Thursday, September 2, 2010

Summer's Ebb

You can't remember the last time you wore socks.

The days have imperceptibly become a little shorter, you find yourself surprised to see that it's only 7 or 8 o'clock when the sun is descending and the shadows are long. Some evenings you even consider pulling out a light sweatshirt because the air is cooling down more quickly each night. Even though in your mind it was just June, you realize that summer is waning all too fast.

The bright pink and lavender annuals you planted last spring start to look dated, like a jacket that was so of-the-moment 5 seasons ago. You start to eye the subtler golden tones of the plantings that are being delivered to the garden center this week. And although it is much too soon to think of pumpkins and mums, you do consider that perhaps you will be ready for them in a month or so.

You may be years out of school. You may not have school age children. But as August transitions into September, you still feel like a page is turning. Like it's time for a new beginning, a fresh start. The well-stocked aisles at the office supply stores lure you with their pristine notebooks and all manner of boxes, files, and cases to organize all your clutter. Yes, you vow, this is the fall that I will finally get organized.

The bounty of your (or your neighbor's) garden produces copious amounts of tomatoes, zucchini, and basil. You have eaten many Caprese salads. Not yet ready for fall foods, you savor every last peach and plum, blueberry and nectarine. You almost grow tired of fresh corn.

You head to the shore for one last vacation day. At the local surf shop, the flip-flops and bathing suits are crammed together on a rack in the back of the store, now 40% off. Long sleeve shirts and pants in fall colors are featured prominently. The boogie boards and beach umbrellas are piled up haphazardly in a corner. The bicycles, so shiny in May, are on sale now, their handlebars dulled by months of exposure to the salt air.

On the beach, it starts to feel like work, carrying your chair, blanket, book to the sand. The feeling you once had - the anticipation of a glorious summer about to unfold deliciously before you - is gone. You're weary of finding sand everywhere. So you brush off your things, shower off the sunscreen, fold up the beach towels and prepare to come home to your real life.

You have absorbed as much of the summer as you can. There is nothing to do now but wait for the cooler weather and the leaves to change color. In the meantime you try to spend as much time as you can outdoors, use your grill two or three times a week, keep that slower-paced, August mood at hand as long as possible. Some time in early February you'll need to reach back in your memory and recall these late summer days. With any luck, you will be able to close your eyes and feel the warmth of the sun on your skin.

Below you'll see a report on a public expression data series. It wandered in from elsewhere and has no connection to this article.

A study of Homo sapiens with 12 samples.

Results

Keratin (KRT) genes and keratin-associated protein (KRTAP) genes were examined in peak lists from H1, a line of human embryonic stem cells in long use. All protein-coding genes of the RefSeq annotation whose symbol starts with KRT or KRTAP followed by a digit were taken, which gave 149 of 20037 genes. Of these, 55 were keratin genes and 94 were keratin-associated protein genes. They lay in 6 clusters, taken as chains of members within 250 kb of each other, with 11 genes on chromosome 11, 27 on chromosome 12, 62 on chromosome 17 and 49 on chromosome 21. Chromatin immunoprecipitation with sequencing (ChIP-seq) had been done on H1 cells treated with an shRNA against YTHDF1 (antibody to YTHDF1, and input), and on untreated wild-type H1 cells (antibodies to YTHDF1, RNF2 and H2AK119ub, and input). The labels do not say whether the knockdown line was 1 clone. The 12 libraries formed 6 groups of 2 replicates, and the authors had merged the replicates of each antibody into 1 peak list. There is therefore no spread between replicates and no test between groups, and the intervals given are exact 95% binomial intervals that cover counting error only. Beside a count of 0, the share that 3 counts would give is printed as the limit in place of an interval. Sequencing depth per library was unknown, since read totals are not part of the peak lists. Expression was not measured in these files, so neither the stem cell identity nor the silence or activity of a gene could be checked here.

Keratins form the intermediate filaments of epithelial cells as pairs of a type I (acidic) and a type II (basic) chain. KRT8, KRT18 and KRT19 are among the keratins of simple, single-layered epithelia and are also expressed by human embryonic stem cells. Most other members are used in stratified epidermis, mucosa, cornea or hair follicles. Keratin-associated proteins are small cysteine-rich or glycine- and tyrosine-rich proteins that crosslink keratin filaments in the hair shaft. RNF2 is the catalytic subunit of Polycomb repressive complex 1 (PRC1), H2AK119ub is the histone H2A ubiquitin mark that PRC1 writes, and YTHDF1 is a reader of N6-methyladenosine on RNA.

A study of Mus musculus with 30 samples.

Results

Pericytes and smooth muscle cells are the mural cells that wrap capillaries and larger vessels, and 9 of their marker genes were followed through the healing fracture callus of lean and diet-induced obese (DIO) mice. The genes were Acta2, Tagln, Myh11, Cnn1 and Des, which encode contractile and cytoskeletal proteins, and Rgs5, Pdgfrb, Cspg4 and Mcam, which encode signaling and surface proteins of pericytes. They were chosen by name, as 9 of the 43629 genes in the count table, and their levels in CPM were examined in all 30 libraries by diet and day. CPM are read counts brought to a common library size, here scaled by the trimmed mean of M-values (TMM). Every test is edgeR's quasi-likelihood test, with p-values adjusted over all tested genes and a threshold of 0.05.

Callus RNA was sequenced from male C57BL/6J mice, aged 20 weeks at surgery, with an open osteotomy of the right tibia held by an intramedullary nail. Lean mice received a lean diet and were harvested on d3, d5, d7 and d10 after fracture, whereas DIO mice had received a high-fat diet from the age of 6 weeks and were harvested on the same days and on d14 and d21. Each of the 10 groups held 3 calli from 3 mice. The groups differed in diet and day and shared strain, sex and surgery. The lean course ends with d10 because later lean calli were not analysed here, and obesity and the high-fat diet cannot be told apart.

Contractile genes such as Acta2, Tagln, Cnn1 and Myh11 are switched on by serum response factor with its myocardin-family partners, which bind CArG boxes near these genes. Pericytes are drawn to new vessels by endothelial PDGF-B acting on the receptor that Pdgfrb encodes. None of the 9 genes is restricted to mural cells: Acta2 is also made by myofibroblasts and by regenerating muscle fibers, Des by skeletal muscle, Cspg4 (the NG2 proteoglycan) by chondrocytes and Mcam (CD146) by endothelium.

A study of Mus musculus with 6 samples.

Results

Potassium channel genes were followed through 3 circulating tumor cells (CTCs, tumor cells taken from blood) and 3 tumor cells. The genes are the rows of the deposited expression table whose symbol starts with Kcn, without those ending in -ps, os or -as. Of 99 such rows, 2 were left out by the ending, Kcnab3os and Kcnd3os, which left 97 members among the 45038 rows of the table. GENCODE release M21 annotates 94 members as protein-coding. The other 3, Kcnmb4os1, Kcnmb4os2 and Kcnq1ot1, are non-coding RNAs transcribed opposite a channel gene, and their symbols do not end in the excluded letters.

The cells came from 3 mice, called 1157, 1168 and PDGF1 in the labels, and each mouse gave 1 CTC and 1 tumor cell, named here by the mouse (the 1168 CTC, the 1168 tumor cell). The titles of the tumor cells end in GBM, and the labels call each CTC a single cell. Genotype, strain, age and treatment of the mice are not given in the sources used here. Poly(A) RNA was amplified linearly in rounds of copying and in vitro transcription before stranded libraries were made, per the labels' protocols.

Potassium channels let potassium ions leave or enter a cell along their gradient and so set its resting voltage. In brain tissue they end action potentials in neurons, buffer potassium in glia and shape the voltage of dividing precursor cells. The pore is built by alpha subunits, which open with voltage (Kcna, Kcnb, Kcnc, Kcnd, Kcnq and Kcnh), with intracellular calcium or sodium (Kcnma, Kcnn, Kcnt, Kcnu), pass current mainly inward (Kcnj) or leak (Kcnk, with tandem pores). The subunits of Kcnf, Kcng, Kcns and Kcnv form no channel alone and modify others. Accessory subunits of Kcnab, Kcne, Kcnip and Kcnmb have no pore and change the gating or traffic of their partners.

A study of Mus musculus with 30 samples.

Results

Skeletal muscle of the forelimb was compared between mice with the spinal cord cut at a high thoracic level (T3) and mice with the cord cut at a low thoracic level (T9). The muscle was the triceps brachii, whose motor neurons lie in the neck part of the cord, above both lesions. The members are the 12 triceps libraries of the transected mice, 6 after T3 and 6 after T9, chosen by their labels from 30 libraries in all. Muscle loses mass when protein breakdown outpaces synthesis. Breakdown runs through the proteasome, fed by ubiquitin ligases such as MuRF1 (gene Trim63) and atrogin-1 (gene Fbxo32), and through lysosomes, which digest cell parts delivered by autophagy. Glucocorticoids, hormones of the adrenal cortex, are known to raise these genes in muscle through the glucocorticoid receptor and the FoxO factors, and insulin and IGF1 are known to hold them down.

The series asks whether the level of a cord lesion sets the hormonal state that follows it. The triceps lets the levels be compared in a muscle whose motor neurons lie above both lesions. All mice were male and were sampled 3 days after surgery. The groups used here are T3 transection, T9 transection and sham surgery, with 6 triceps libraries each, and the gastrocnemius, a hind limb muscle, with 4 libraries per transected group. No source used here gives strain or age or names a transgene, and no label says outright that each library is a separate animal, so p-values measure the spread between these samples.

1. Beautiful & evocative! (Although I have still been wearing socks on a regular basis - the English summer not being particularly benign this year!

    It never ceases to please me how a year is exactly the right length, the seasons changing when you have just about forgotten how the next one feels. (Sorry - clumsily worded but I know what I mean!)

  2. So lovely to read and so so true. You described so many feelings that we all experience but your writing said it so much better, almost like a short story.
    Yes socks have been worn here too and a fire in the chilly evenings, as I too grasp on to every day of sunshine like it is my last.

    I could especially relate to the new school year, the butterflies still flutter in my tummy at this time from memories of teaching. Yet it does bring the sense of a new year and new plans, just as the seeds of Autumn will eventually bring new growth.

  3. I so admire your ability to take a multitude of what many might think of as unremarkable details and deftly weave them into a resonant evocation of time and place. Beautiful piece.

  4. Your lovely piece refreshed my memories of a place where four distinct seasons can be experienced. That is what I miss most, here in Florida. That, and mountains.

  5. Dear Raining Acorn,
    that is such a poetical description of the days between summer and fall - thank you!
    You can smell it in the air, and feel a slight crispness. The long shadows that fall on the meadow always remind me to read "The Forsythe Saga" or Henry James again - don't know why these two are connected in my soul.
    The feeling of starting afresh hooks me too - I am an utterly fan of stationary stores - and the art of writing letters, and sketch books, and diaries - and I buy. And organize. Give me little goldstars when I have accomplished a task. Love to feel in control - at least for a while... :-)

  6. Terrific. We are so fortunate to have seasons. Just when we begin to take the sun and the sand for granted, out come the socks and the notebooks.

  7. You could have been describing the end of an English summer, except we so very rarely have one.

    I love autumn but dread the dark and dismal days of winter.